Hong Kong leader Carrie Lam says she would 'quit' if she could

New audio comes after a weekend of some of the worst violence in three months of anti-government protests


At the closed-door meeting, Ms Lam told the group that she now has "very limited" room to resolve the crisis because the unrest has become a national security and sovereignty issue for China. The audio tape was acquired and reported by Reuters on Monday.

"If I have a choice," she said, speaking in English, "the first thing is to quit, having made a deep apology."

Her comments were revealed on the same day that Hong Kong students began a boycott of school, forming human chains as protesters moved to disrupt the rush-hour commute after a weekend that included some of the worst violence in three months of anti-government rallies.

The protest movement that is railing against China, which sits behind Hong Kong's government, has turned to a variety of tactics to disrupt life in Hong Kong in protest of Beijing's increasing influence on life in the global financial hub.

Early on Monday, protesters dressed in their signature black stood at doorways of trains, stopping them from closing, at a series of stations on the underground system, briefly disrupting an arterial network that has become a target of their activities.

Shortly afterwards, secondary school pupils formed human chains outside a number of government schools before classes began.

Some wore gas masks, helmets and goggles - the now essential kit carried by protesters during months of tear gas-enveloped rallies and clashes with police.

Hong Kong is a semi-autonomous southern Chinese city that operates under a "one country, two systems" framework, which gives citizens rights unseen on the mainland.

China committed to giving the people of Hong Kong those rights in an agreement that saw the city return from British colonial rule in 1997.

China's erosions of those rights has been one of the driving forces behind the protest movement.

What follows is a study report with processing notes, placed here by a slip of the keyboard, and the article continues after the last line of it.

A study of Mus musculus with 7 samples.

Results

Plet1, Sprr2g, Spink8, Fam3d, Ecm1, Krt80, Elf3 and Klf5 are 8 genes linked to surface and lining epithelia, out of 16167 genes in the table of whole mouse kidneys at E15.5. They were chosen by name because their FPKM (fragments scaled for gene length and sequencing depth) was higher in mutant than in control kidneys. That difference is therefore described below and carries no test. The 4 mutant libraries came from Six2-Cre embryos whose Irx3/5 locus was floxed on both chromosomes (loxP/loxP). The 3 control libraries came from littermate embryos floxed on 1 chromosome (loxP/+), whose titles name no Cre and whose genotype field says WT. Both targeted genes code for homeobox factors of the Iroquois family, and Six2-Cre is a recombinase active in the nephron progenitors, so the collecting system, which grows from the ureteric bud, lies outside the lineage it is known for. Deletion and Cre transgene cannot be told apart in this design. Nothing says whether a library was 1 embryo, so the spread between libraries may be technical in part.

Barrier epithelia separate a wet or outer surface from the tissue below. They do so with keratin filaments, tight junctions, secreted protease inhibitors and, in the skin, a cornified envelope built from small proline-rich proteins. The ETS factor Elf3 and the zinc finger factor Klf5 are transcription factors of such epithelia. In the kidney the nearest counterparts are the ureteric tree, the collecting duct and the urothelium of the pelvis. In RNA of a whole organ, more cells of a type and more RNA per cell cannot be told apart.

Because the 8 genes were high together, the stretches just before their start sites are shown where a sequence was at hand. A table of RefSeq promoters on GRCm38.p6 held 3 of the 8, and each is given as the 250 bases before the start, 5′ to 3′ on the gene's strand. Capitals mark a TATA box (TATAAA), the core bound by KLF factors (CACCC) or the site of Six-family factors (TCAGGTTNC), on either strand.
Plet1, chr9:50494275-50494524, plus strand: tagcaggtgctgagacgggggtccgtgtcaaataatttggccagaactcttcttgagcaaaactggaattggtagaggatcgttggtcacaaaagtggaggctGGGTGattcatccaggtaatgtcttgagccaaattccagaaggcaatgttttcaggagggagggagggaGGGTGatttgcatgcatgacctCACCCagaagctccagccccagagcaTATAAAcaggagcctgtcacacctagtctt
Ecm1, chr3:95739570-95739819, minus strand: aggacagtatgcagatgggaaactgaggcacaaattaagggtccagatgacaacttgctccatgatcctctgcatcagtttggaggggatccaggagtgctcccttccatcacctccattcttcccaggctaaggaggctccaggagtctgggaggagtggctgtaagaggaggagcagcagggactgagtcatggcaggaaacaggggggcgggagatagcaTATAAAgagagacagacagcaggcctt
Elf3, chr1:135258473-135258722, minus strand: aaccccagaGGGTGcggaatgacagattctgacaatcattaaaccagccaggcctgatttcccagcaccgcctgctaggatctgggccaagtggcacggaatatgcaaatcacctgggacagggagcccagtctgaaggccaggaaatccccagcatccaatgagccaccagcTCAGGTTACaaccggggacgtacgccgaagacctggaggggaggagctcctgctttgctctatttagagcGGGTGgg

A general strike was also called for Monday, but it was yet to take effect.

The protests started because of China's move to impose an extradition bill that would allow for the transfer of suspects wanted by Beijing to the mainland.

That initial demand has been broadened to include that the bill be scrapped, and for an independent investigation into police tactics used during the protests.

The protesters also want the city's leader and all its lawmakers to be directly elected, scrapping the current system that heavily favours the Chinese government.

Monday's round of protest actions followed yet another weekend of violence on the streets as well as efforts by protesters to disrupt the city's airport, one of the busiest in the world.

On Sunday at least a dozen flights were cancelled after protesters blocked routes to the airport, although police fended off demonstrators' efforts to converge on the terminal itself.

On Saturday, hardcore protesters rampaged through the city centre, setting fires and throwing petrol bombs at riot police in defiance of a rally ban.

Police hit back with tear gas, baton charges and water cannon laced with chemical dye.

Video footage captured by local media showed police charge and beat a crowd cowering inside a train carriage, with Amnesty International calling their actions "horrifying".